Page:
Author, speaker, philanthropist, entrepreneur and founder of leading, cutting-edge online learning platform Adaptively Education.
The Covid-19 pandemic has been devastating to businesses in nearly every industry throughout the world. The restaurant industry is having a particularly hard time. But times were tough for restaurateurs and small business owners long before Covid-19 and they will very likely be just as if not more difficult in the years following the pandemic.
Before I became the founder and CEO of one of the top supplemental education franchises in the U.S., I experienced numerous failures in my previous business venture. I went from owning a thriving restaurant to opening three more in a way that was unprofitable and ultimately unsustainable.
Those valuable lessons from my failure actually made me into the successful businessman I am today. Experience is a great teacher, but a better student can learn from other’s mistakes. Here are a few key but often overlooked tenets I learned that can help other young entrepreneurs save their businesses now and build even more successful ventures in the future.
Founders and investors must be on the same page. (There’s no such thing as too much communication.)
One of the biggest mistakes I made in my previous business was not making sure that all of my investors were on the same page. Outlining clear, structured goals, timelines and expectations helps ensure that your investors are equally supportive of taking the business in the right direction and in agreement about key decisions. Business decisions should never be made on faith or a whim without thoroughly assessing the current situation first.
Building the right team is vital. (Hire character and train skills.)
Building the right team, including managers and supervisors, ensures your whole business is greater than the sum of its parts. Founders should carefully assemble leadership teams that have a vested interest in the business. Too often, leadership is only interested in their earnings and fails to prioritize the goals and interests of the business first.
You must also make sure you hire the right people to fill the right seats. Although each person should make their own unique contributions, they should always consider the team’s input without being individualistic or egotistic regarding the process. Each individual should personally embody the company’s core values. I see far too many teams who either don’t know what their core values are or don’t have any core values at all.
Don’t rely too much on one person or group. (Always keep the big picture in mind.)
You should never rely too much on one person; otherwise that person holds the fate of your business in their hands. In the restaurant industry, founders often have the impression that the head chef makes or breaks the business, which is a false paradigm. If the head chef is in control, he will bring in his whole team and, should he decide to leave, his team will all leave with him.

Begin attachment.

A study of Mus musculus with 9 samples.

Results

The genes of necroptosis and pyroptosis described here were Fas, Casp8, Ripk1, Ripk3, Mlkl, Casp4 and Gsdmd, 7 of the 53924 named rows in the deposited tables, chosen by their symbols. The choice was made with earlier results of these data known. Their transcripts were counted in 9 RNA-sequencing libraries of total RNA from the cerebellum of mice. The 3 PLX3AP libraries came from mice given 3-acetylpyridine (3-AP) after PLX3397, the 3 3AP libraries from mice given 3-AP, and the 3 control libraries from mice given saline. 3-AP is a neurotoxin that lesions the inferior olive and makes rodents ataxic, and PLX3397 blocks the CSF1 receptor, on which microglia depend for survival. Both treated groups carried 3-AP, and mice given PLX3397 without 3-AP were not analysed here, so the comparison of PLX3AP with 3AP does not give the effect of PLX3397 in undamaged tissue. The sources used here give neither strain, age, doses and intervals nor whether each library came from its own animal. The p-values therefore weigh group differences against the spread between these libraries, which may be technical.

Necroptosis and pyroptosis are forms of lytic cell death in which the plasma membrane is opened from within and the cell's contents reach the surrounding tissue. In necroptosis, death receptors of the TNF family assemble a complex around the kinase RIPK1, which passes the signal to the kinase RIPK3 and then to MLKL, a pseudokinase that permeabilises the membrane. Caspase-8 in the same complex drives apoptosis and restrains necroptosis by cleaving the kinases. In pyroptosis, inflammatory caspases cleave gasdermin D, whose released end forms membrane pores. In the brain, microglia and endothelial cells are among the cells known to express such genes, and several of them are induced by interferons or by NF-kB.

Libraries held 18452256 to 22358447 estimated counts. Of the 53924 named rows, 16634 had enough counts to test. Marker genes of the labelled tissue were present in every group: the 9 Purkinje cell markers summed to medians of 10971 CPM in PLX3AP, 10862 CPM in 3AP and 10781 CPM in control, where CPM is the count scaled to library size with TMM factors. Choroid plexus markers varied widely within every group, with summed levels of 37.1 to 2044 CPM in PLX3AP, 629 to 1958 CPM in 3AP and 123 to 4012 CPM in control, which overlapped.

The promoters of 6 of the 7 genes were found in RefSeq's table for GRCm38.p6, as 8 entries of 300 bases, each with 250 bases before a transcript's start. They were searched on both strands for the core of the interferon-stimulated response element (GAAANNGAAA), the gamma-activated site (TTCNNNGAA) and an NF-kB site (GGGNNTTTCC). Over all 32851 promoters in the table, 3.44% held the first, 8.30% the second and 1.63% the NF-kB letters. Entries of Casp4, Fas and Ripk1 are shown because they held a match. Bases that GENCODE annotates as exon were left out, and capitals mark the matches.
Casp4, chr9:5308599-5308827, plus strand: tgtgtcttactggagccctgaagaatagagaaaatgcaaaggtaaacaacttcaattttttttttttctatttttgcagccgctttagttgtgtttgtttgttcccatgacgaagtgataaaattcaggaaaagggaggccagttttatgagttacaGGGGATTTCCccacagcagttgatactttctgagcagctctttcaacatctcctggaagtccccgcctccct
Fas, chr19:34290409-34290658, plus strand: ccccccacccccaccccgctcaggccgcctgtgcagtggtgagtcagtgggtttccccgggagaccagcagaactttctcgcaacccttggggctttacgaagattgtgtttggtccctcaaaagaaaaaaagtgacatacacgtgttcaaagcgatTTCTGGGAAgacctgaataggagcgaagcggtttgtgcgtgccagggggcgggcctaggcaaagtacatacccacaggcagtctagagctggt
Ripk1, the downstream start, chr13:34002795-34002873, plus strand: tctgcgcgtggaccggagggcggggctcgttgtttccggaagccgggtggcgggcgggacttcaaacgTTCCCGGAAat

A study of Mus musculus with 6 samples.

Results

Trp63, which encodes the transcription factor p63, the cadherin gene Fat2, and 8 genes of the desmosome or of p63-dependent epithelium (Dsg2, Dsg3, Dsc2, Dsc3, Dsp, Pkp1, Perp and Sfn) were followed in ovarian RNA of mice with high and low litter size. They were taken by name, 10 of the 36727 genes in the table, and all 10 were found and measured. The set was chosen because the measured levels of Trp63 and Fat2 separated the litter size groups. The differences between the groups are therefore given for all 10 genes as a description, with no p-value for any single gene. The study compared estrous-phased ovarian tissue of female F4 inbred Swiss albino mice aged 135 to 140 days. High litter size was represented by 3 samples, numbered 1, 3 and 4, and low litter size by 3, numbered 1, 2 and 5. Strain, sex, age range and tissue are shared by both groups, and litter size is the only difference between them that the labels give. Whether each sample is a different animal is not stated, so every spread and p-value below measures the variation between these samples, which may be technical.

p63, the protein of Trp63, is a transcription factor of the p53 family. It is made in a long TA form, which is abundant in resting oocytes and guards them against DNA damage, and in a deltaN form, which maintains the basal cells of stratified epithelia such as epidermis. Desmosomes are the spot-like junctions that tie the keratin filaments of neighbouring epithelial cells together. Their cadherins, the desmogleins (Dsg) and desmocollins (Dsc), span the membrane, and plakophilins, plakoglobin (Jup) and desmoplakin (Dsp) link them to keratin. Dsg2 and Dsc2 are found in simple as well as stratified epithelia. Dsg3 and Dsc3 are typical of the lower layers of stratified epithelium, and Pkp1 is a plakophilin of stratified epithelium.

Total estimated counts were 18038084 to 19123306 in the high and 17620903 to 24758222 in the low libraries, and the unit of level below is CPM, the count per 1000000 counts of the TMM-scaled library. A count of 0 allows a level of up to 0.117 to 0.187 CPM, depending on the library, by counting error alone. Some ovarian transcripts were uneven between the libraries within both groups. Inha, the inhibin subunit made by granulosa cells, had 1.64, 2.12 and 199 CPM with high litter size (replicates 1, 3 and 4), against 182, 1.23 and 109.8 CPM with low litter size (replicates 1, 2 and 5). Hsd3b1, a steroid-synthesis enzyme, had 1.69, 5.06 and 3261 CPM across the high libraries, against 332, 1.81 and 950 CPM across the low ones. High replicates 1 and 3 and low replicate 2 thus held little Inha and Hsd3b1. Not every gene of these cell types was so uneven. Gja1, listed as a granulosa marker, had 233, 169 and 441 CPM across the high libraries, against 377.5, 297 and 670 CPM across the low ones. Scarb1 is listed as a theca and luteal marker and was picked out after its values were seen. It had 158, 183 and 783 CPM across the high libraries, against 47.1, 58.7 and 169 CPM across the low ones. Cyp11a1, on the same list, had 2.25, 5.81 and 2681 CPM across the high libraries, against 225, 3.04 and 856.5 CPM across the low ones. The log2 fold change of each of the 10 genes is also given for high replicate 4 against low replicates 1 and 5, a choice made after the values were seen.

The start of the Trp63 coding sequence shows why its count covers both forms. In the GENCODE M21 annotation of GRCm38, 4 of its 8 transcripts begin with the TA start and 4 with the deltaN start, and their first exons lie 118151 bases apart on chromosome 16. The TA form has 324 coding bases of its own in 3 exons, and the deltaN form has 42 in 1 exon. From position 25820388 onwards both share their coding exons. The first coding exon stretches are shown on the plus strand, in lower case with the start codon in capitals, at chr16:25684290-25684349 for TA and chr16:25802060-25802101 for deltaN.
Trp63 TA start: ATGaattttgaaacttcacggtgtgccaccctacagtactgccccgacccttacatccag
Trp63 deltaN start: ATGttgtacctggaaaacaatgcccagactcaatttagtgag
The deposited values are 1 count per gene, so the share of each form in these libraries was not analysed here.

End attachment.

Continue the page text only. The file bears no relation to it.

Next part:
Ultimately, your team shouldn’t be connected to any manager, leader or head chef more than they’re connected to you. This way, when anyone in leadership decides to move on from your business, the rest of your team is still aligned with your vision.
Track your most important KPIs. (But stay on top of the details.)
As a restaurateur, I failed to establish, track and improve key performance indicators (KPIs), such as the cost of food, direct labor, indirect labor, etc. Because my focus was exclusively on top-line revenue, I did not realize that the more revenue we collected, the more loss we incurred.
Not tracking the right KPIs prevents business leaders from being profitable and able to scale in a healthy way. Without routinely dissecting your expenses and devising ways to improve, you’re unable to cut costs and turn your business around before it’s too late.
Establish solid SOP. (Constantly adjust, but always have a standard.)
I made the mistake of not clearly establishing and documenting my business’ standard operating procedures (SOP) and relying on people instead. Without a strong SOP, your business won’t be able to scale, your turnover rate will be high and you’ll waste even more time and money hiring and training more employees.
While it is nearly impossible to document every business procedure (things change and different chefs have slightly different recipes), it is advisable to outline and document the top 20% of procedures responsible for operating 80% of your business.
Running a company is incredibly challenging, but the rewards can outweigh the challenge with thoughtful communication, analysis and preparation. Within that, be ready to adjust and learn while constantly strengthening your core. Although change is constant, failure does not have to be.